Members of local civic organizations stand at the

Members of local civic organizations stand at the site of Blue Green Farms construction in Yaphank. (Jan. 26, 2012) Photo Credit: Newsday/Ed Betz

The state Department of Environmental Conservation is investigating the developers of a planned Yaphank fish farm for allegedly mining more than 90,000 cubic yards of sand and dirt without a state permit.

The builders of Blue Green Farms, which has broken ground off Horseblock Road, deny having done any mining and say they have been preparing the site for greenhouses.

They were cited for unpermitted mining and issued a stop-work order in December 2010, DEC officials said. The developer responded that the work was exempt under state agricultural law, DEC officials said.

DEC investigators are looking into whether Blue Green Farm's claim is correct -- and whether the firm violated a stop work order after the first citation, said DEC spokesman Bill Fonda.

The agency is attempting to resolve the matter with Blue Green Farms, which could receive a fine or other punishment, Fonda said. Fonda said it appears "when the stop work order was issued, they had only taken out a certain amount, and they continued to take it out."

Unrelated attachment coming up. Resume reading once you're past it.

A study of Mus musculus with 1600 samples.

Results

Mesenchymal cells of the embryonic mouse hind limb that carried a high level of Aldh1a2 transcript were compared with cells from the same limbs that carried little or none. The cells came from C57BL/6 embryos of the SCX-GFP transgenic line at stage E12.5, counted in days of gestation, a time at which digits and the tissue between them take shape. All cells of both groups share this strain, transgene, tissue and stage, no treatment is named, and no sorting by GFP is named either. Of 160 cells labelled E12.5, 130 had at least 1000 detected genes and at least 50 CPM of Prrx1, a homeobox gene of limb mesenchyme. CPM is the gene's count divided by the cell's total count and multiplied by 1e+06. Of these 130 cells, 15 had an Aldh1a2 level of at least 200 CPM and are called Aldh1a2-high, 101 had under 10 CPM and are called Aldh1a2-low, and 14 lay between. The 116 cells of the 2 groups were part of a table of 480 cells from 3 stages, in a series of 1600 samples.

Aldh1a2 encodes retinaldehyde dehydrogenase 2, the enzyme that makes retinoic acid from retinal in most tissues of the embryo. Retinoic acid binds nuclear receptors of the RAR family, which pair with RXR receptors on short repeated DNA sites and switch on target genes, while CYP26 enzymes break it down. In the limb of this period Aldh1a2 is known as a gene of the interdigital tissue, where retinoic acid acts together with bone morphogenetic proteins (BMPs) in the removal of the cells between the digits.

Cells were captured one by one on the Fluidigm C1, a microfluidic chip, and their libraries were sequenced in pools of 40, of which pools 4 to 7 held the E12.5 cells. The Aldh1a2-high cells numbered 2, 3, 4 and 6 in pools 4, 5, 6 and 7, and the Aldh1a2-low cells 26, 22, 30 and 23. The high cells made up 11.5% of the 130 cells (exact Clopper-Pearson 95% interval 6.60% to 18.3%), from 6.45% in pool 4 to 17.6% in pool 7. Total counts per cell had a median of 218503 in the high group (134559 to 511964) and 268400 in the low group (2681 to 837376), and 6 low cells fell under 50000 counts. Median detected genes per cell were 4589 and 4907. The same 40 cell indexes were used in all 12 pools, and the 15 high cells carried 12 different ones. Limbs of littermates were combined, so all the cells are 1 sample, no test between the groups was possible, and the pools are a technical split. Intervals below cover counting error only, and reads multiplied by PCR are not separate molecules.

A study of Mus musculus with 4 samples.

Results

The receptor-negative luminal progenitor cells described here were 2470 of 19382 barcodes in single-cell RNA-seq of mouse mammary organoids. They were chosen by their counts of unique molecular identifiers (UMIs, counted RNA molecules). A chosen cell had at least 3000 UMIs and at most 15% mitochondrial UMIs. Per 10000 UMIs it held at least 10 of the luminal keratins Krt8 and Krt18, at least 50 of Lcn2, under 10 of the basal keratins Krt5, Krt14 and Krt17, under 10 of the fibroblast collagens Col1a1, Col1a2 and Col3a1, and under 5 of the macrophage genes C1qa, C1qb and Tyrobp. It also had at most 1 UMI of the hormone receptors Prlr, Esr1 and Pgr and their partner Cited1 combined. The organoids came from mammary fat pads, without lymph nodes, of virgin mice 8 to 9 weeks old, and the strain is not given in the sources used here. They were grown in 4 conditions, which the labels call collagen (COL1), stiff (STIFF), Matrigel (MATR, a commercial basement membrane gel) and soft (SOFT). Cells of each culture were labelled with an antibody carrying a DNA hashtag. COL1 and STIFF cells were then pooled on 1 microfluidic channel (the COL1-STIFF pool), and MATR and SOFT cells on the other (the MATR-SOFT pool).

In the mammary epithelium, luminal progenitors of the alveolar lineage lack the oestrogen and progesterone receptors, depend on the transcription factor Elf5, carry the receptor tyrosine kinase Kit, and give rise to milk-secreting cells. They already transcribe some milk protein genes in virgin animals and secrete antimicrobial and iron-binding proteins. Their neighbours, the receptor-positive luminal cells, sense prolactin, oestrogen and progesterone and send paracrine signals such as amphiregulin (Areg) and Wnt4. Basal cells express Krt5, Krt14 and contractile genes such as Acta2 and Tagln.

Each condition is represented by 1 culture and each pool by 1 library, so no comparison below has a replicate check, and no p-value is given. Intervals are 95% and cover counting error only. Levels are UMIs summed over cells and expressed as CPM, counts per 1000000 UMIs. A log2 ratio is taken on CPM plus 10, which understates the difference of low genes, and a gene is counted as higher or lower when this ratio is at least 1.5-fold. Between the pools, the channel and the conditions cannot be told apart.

But the project's backers say the farm -- which is slated to grow tomatoes and raise sturgeon and striped bass -- has not engaged in mining.

The Yaphank-based company, which is owned by a group of local investors led by Leonard Shore, has done grading and site preparation, but not mining, said spokeswoman Judy White.

The work, which has included moving sand and dirt, is essential so the company can build 400,000 square feet of greenhouse space required for the project, she said.

"Blue Green Farms is currently undergoing site preparation for the greenhouses," White said.

Fonda said the DEC considers an activity a mine if it involves excavating more than 750 cubic yards of materials in 12 months. On a recent weekday, bulldozers were working the site, where piles of sand and dirt towered above a crater in the ground.

The project has polarized civic activists. Some see it as a chance for sustainable farming on Long Island and others think it is an excuse to mine and sell sand. White declined to comment on whether the company plans to sell the materials it excavates.

Blue Green Farms has launched the $35 million, 12-acre first phase of the project, a hydroponic farm. In early summer, workers plan to install 2,400 pilings that will be part of the foundation of the project, White said.

The facility, which totals 56 acres, is expected to expand in 2013 to include an aquaculture facility that will raise fish, company representatives have said.

Johan McConnell, president of the South Yaphank Civic Association, defended the operation. She said the company has "spent a tremendous amount of money" that it would never recoup by selling sand, and the farm is "just another form of farming."

But MaryAnn Johnston, president of the Affiliated Brookhaven Civic Organization, chided the state for overlooking DEC concerns and awarding the project a $517,000 grant in recent months. She said that money could have gone to Long Island's working fishermen.

"What are we saying to our fishermen?" she said.